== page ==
Orbital Bus Routes Planned For Dublin

29 May 2017 | 04.22 pm

Orbital Bus Routes Planned For Dublin

Aim is to increase bus journeys by 50%

29 May 2017 | 04.22 pm

Orbital bus routes around Dublin are planned by the National Transport Authority as part of BusConnects, a series of initiatives aimed at cutting commuting times and time spent in traffic in the city and environs.

National Transport Authority chief executive Anne Graham said: “With uBsConnects, just about everybody will be able to beat the congestion by using the bus rather than a car to get around. We believe that there is potential to increase bus passenger numbers by at least 50% over the lifetime of the project, which would represent a significant step-change in how people get from place to place.”

Transport minister Shane Ross said: “We have seen remarkable growth in our economy in recent years, and that recovery is continuing. That means more jobs, more people at work, more people out socialising, and more people. But it does place a strain on our transport infrastructure, and we’ve all seen the congestion in the city and across the region, that arises as a result. The proposals being put forward can potentially transform Dublin’s bus system in a fundamental way, so that when it comes to speed, punctuality, reliability and convenience, journeys by bus can be better than ever before.”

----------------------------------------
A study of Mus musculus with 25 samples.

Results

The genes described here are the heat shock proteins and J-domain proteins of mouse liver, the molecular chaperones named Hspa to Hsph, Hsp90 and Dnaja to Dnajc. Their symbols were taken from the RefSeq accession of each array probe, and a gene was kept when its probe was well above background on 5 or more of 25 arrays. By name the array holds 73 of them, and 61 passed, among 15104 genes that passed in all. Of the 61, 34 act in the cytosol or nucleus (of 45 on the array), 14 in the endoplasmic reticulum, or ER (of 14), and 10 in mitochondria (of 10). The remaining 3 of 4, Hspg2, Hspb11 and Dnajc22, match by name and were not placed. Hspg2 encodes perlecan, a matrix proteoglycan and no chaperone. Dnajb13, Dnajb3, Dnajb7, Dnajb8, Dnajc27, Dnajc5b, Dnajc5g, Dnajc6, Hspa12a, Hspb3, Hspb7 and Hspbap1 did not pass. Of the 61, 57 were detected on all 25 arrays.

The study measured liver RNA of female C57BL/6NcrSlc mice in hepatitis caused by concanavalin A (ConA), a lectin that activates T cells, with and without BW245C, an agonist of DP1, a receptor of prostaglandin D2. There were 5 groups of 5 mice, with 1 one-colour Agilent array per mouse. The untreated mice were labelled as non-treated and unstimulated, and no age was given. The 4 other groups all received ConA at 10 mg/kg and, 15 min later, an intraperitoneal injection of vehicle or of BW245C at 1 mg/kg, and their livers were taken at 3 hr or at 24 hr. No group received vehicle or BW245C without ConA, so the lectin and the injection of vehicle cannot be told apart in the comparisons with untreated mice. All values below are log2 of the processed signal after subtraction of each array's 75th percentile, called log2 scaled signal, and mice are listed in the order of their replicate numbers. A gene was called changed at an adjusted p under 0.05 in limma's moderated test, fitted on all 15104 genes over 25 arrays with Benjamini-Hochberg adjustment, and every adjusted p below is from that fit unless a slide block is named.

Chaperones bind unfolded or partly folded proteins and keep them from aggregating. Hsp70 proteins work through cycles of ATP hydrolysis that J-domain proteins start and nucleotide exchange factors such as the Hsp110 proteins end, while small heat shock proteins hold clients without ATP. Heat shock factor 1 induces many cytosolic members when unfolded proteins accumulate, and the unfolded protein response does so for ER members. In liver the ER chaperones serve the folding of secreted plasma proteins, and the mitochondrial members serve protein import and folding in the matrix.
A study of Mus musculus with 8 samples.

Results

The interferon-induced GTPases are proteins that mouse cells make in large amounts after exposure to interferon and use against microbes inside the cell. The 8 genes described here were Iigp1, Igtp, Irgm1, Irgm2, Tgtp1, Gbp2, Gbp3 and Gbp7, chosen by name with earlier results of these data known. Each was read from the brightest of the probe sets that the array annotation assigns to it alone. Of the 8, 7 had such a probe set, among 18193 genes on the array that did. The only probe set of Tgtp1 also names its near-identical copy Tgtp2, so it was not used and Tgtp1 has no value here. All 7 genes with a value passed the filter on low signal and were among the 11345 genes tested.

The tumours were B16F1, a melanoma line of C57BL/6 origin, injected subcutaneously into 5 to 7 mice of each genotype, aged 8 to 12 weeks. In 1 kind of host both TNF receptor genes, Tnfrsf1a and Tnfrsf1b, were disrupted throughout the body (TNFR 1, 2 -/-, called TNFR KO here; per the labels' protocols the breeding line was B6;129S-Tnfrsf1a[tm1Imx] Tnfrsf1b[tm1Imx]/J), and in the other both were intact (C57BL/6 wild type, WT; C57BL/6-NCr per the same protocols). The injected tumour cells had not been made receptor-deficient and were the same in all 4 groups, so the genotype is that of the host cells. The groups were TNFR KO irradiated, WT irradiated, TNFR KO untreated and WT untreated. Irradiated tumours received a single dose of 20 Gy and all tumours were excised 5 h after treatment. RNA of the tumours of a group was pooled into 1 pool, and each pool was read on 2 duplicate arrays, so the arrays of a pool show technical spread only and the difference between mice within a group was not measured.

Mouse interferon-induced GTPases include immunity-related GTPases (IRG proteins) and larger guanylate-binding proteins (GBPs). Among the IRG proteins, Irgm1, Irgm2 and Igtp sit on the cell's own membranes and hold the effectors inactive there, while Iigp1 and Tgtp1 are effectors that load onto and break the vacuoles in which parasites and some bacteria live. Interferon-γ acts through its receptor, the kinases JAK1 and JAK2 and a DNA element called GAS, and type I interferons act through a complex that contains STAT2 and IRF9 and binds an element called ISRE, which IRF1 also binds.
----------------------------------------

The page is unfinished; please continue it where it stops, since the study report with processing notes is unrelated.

The 11 radial envisaged routes include corridors from Bray along the N11, from Dun Laoghaire and Blackrock, from Finglas, Ballymun and Cabra though Phibsboro, and from Lucan, Leixlip, Clondalkin, Ballyfermot, Rathfarnham, and Ringsend.

The three BRT routes would run from Blanchardstown to UCD, Clongriffin to Tallaght, and Swords to Dublin city centre.

Orbital routes which avoid the city centre will run from Ranelagh to Drumcondra via Heuston; Dun Laoghaire to Baldoyle via Dundrum, Ballyfermot and Finglas; and UCD to Blanchardstown via Dundrum, Tallaght and Liffey Valley.

Dublin Chamber welcomed the announcement, pointing out that traffic congestion in the Greater Dublin Area costs the economy around €350 million a year, a cost that could rise to €2 billion per annum by 2033 if measures were not taken to reduce congestion.

Chief executive Mary Rose Burke commented: “The bus corridor and BRT proposals announced today represent a valuable step forward.  However, ultimately the government will also need to demonstrate its commitment to longer-term solutions such as DART Underground and Metro North. These large-scale projects will be crucial to ensuring that Dublin can compete globally as a truly modern city with world-class infrastructure.”